This article, "Frank Hamer's Sweetwater Fight," appeared originally as a Straight Talk column in the November 2017 issue of Shooting Illustrated. To subscribe to the magazine, visit the NRA membership page here and select Shooting Illustrated as your member magazine.
Frank Hamer was not afraid to wade into trouble, but occasionally learned a hard lesson doing so. Such was the case at Sweetwater, TX.
Texas Ranger Frank Hamer is best known for helping to end the careers of Clyde Barrow and Bonnie Parker. However, he was a lawman of one kind or another for many years and engaged in many shootings. His knowledge of personal defense was not academic, nor were all of his fights in the line of duty. We might look at just one of his many encounters and see what we can learn from it that will be beneficial to us in our own personal defense.
In 1917, romance threw Frank Hamer into a first-class Texas feud. Hamer married Gladys Johnson while she and her brother, Emmett, were under indictment for killing Gladys’ ex-husband, Ed Sims. The Johnson and Sims families were prominent ranch families in West Texas and both were used to having their own way about things. The Johnson family had the support of the Hamer brothers, Frank and Harrison, while the Sims family relied on ex-sheriff and ex-Texas Ranger Gee McMeans. With this many gun toters, the stage was set for trouble.
On Oct. 1, 1917, Frank, Harrison, Gladys and Emmett were driving back from a court hearing in Baird, TX. The route to their home in Snyder took them through Sweetwater. Frank had been warned that Gee McMeans would be waiting for them in Sweetwater. Frank chose to ignore the warning but he did strap on a second gun, his Smith & Wesson .44 Spl.
Stopping at a gas station in Sweetwater, Frank went in to get a tire fixed while Harrison and Emmett hunted for a restroom. Gladys stayed in the car.
As Frank Hamer walked back out of the station, he came face to face with Gee McMeans, who had a .45 ACP pistol in his hand and quickly shot Hamer in the shoulder. Hamer slapped the gun down and it went off a second time, hitting him in the thigh. His blow to the 1911 caused it to malfunction, probably causing a failure to feed. With one hand holding the .45, Hamer used his other hand to beat McMeans about the face.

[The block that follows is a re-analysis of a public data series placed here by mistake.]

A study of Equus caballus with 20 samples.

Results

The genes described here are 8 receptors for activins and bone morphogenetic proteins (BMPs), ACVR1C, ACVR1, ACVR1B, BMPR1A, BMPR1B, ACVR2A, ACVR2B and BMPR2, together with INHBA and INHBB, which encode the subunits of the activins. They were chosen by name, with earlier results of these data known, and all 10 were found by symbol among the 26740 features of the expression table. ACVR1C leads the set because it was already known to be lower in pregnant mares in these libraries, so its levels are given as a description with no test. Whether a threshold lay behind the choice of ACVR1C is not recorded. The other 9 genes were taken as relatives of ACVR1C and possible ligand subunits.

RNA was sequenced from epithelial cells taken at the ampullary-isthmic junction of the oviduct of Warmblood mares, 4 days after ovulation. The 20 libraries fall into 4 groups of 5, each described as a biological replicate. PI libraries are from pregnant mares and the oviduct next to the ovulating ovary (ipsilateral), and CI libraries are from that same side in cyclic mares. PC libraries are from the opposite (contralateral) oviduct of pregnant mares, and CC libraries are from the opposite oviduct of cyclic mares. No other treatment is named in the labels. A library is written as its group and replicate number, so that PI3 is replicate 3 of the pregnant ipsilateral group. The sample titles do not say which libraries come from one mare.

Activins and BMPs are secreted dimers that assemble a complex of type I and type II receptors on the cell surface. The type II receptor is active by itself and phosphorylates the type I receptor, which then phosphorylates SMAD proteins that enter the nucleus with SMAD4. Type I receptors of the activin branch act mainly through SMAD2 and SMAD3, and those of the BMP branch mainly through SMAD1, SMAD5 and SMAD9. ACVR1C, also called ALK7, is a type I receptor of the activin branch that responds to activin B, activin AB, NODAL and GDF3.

As this was going on, McMeans’ henchman, H.E. Phillips, ran up to the struggling pair with his shotgun. He fired at Hamer’s head from close range and missed his whole head, but shredded Frank’s Stetson. As Hamer dropped to the ground, stunned, both of his attackers ran to their nearby car.
Recovering somewhat, Hamer drew his .44 Spl. and turned to see McMeans pulling a shotgun from the car. Hamer fired one shot from fairly close range and hit McMeans in the heart, dropping him instantly. Phillips ran for it.
Harrison Hamer, who had just arrived back on the scene, started to shoot the fleeing Phillips. But Frank pushed Harrison’s rifle barrel up and told him not to shoot a man in the back. Phillips was later arrested, as was the entire Hamer party. Five days later, the grand jury refused to indict Frank Hamer for the killing of Gee McMeans.
For some reason, possibly his pride, Hamer had chosen to ignore the warning about a potential ambush in Sweetwater. Pride can get a person in a lot of trouble, hurt or worse. The smart move would have been to avoid going through the town at all. Today, a jury might get the impression that a person was welcoming the opportunity to engage his enemies. Not to mention, tactically, it is just not a good idea to walk into a trap when you suspect that it is there waiting for you.
Additionally, we see the effects of tunnel vision on our awareness in a chaotic situation. Phillips was able to approach very close to Hamer with a shotgun. Now, admittedly, Hamer had his hands full, but it appears that he was not aware of the additional threat until the shotgun was fired.
A couple of other points can be gleaned from Frank Hamer’s fight. One is that, just because you have been shot, it doesn’t mean that you have lost the fight—when the threat continues, a smart man keeps fighting. And, second, you can miss with a shotgun—they do have to be aimed if one is expecting to get hits.
Additionally, it is also never a good idea to split your forces when you know a fight might be about to occur. Had Frank and Harrison Hamer stayed together, Frank might not have been shot at all. In fact, the whole fight might never have happened. Crooks don’t like even odds.
Finally, throughout the whole encounter, Gladys was leaning out of the car window, shooting at McMeans and Phillips with her Colt Pocket Auto until it was empty. She didn’t hit anyone and didn’t affect the outcome of the fight one single bit. Simply having a gun doesn’t get the job done, nor is employing it quickly—you have to be able to shoot it accurately as well as rapidly.
When we talk about personal defense, we may spend too much time talking about attacks from criminals who are not known to us. It is also a good idea to realize that dangerous encounters can occur with people who are known to us. This reality should also be considered when we are formulating our own personal defense plans. That said, the overpowering urge should always be to find a way to avoid trouble whenever it is the least bit possible.
Frank Hamer and Gladys stayed together for the rest of Frank’s life. They raised her two girls and two boys of their own, one of whom, Frank Jr., was a friend of mine. But, you can rest assured that their lives were never the same after that bloody day in Sweetwater.